North Carolina, United States — Leaks from carbon dioxide injected deep underground to help fight climate change could bubble up into drinking water aquifers near the surface, driving up levels of contaminants in the water tenfold or more in some places, according to a study by Duke University scientists.
Based on a year-long analysis of core samples from four drinking water aquifers the researchers found “the potential for contamination is real, but there are ways to avoid or reduce the risk,” said Robert B. Jackson, Nicholas Professor of Global Environmental Change and professor of biology at Duke.
“Geologic criteria that we identified in the study can help identify locations around the country that should be monitored or avoided,” he said. “By no means would all sites be susceptible to problems of water quality.”
The study appears in the online edition of the journal Environmental Science & Technology.
Duke researchers collected core samples from four freshwater aquifers around the nation that overlie potential CCS sites and incubated the samples in their university lab for a year, with CO2 bubbling through them.
After a year’s exposure to the CO2, analysis showed a number of potential sites where CO2 leaks drive contaminants up tenfold or more, “in some cases to levels above the maximum contaminant loads set by the EPA for potable water,” Jackson said. Three key factors – solid-phase metal mobility, carbonate buffering capacity and electron exchanges in the overlying freshwater aquifer – were found to influence the risk of drinking water contamination from underground carbon leaks.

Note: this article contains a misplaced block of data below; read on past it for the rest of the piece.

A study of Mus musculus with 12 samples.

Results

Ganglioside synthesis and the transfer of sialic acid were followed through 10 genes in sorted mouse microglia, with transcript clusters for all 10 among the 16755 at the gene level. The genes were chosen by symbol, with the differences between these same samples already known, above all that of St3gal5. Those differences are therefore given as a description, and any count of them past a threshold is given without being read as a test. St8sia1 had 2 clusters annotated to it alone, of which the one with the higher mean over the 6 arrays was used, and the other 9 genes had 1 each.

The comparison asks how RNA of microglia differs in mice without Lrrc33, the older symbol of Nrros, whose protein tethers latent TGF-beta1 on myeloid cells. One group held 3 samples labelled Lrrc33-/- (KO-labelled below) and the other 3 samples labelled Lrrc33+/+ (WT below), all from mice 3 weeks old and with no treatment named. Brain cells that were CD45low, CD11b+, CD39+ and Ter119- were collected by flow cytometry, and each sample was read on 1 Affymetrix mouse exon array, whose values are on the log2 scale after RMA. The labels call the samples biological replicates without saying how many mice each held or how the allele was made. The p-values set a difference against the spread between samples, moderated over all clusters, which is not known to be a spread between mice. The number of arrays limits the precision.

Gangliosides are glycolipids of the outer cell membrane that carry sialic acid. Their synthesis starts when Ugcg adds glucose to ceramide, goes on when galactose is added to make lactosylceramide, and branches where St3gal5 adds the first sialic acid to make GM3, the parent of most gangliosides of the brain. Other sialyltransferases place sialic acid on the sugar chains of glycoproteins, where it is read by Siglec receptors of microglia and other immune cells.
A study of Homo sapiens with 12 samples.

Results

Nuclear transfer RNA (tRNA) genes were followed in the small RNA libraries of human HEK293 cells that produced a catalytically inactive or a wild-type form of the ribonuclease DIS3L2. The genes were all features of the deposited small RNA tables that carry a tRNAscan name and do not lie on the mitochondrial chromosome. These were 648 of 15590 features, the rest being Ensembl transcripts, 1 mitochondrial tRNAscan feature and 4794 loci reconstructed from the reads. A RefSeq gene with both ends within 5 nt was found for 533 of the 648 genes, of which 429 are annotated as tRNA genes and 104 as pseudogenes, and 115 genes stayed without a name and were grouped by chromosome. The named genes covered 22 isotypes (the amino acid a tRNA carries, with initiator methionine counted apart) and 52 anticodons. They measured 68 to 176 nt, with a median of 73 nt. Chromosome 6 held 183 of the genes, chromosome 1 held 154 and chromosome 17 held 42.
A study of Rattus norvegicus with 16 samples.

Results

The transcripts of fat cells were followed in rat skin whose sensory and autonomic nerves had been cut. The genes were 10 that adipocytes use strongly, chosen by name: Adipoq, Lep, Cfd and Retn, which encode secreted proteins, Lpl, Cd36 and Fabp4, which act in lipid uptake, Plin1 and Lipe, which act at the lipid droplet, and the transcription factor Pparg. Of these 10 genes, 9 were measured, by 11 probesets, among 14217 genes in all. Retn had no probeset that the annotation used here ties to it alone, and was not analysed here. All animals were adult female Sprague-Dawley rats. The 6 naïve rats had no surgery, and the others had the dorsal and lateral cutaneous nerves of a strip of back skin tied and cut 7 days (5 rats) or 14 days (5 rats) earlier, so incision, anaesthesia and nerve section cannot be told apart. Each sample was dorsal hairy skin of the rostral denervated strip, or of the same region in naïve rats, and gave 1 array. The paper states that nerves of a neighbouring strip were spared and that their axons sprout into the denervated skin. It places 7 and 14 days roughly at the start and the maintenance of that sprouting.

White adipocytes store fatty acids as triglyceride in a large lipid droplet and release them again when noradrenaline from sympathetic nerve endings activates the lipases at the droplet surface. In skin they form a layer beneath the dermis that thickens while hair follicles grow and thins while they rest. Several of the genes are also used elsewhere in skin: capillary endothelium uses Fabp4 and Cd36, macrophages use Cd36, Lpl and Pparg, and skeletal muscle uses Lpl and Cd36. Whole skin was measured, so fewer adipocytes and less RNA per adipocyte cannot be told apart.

The study also identified four markers that scientists can use to test for early warnings of potential carbon dioxide leaks. “Along with changes in carbonate concentration and acidity of the water, concentrations of manganese, iron and calcium could all be used as geochemical markers of a leak, as their concentration increase within two weeks of exposure to CO2,” Jackson said.
The study was funded by the Department of Energy’s National Energy Technology Laboratory and Duke’s Center on Global Change.